When you find yourself down a narrow alley and there’s a small cafe peeking out, you poke your head inside to get the vibe. It looks just right for lunch - bright, cozy with a table waiting for an occupant. Since I am feeling “peckish” as the Irish say, I wander in to get away from the mass of tourists along the main streets.
The host seats me and mentions that lunch service is not quite ready - the sign on the outside says lunch starts at noon, and it is after twelve. The charm of the place overtakes my hungry stomach. I agree to wait. Many people are finishing their late breakfasts and enjoying leisurely conversations.
Five minutes later a male wait staffer walks over and tells me the same thing and offers me water while I wait. The space is decorated in art nouveau with floppy pillows in lime greens and orange hues on the wooden seats. Lots of flowers in vases decorate tables and sideboards, and heavy drapes hang to cover wall imperfections.
Five minutes later I catch his eye and ask for a menu. I busy myself going through the choices from goat cheese and beet salad to chicken curry. Nothing is standing out except I do like the natural drink choices. When the waiter returns, and I select an elderflower organic drink, he shyly exclaims that the are out. Then he apologetically states that there are no sandwiches available today. I asked if there are specials, but he said that the menu hasn’t been printed and he doesn’t know offhand what they might be. He would check and return.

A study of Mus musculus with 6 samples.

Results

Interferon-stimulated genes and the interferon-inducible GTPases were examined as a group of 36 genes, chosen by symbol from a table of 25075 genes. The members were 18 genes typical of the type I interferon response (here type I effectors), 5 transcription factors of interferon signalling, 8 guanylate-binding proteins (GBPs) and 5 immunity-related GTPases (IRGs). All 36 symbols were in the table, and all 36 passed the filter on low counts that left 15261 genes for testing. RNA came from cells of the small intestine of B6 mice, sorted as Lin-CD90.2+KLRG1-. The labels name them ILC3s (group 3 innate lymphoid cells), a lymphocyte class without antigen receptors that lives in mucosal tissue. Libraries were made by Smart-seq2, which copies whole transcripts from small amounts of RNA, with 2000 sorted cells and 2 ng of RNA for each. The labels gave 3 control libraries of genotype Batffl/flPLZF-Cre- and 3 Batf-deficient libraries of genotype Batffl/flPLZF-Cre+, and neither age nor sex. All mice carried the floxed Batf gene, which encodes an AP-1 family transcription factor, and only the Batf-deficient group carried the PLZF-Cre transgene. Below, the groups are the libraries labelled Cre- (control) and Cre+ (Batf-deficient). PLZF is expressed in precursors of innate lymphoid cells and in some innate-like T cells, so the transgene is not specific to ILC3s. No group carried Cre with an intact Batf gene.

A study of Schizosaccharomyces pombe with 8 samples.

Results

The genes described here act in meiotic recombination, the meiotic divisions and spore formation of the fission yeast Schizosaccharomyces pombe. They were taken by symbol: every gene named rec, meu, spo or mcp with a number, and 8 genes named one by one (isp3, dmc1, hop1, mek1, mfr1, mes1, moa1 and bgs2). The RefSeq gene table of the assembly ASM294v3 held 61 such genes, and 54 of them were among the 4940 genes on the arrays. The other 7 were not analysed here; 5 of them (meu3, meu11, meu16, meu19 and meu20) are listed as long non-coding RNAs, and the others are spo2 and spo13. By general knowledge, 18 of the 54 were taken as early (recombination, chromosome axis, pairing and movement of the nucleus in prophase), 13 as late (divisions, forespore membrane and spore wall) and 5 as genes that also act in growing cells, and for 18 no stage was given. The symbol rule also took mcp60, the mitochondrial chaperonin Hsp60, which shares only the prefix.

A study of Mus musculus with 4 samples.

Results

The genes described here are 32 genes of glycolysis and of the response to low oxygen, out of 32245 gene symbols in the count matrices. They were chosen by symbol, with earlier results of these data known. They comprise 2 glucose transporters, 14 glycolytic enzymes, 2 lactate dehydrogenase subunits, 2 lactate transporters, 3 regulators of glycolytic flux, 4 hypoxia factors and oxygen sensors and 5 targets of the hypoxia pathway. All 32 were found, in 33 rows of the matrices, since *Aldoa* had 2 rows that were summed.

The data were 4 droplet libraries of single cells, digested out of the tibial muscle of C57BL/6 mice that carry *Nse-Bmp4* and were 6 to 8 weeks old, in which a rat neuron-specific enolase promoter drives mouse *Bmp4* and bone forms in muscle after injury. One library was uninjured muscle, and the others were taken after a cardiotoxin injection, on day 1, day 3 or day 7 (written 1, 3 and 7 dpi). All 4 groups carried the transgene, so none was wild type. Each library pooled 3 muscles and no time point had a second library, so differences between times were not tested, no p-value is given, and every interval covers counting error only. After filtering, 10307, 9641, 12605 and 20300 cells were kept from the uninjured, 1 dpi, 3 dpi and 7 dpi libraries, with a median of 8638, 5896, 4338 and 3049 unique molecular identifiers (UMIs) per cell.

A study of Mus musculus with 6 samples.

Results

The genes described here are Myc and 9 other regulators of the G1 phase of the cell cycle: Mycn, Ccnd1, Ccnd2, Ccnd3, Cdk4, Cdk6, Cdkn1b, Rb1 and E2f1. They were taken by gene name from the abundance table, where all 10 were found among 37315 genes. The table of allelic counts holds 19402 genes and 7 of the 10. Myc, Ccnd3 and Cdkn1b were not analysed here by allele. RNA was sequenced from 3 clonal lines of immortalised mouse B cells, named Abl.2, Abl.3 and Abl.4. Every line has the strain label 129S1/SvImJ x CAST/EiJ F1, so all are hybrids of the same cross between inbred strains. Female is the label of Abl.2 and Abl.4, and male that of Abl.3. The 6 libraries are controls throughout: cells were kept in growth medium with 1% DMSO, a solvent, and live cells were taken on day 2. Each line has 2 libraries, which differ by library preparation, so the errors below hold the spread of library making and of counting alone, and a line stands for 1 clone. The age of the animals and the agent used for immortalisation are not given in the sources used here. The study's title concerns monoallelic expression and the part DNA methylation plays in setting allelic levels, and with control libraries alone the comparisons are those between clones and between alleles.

Five minutes. Ten minutes. I am practicing deep breathing and absorbing my environs.
I notice the waiter looking over at my table and making a u turn to the kitchen like he is reminded of his original task. He does have other tables finishing breakfast, and noon is a little early for lunch I am assuming causing the problem.
Finally, the waiter appears with a printed special menu and there is a leek tart -quiche- and that is what I select. When it comes out in a normal amount of time, it is delicious and moist with a homemade crust. The salad greens are a good compliment,too, especially the pickled cucumbers and warm mushrooms.
Folks are relaxed in Ireland. Schedules are only suggestions, and life moves on without watching the clock.
When I left, I was full, contented and I don’t know what all my rush could have been about. I won’t write a Trip Advisor review. The name of the restaurant will remain secret, and so will the town. This could have been an off-day, or I wasn’t respecting the Irish style of timelessness.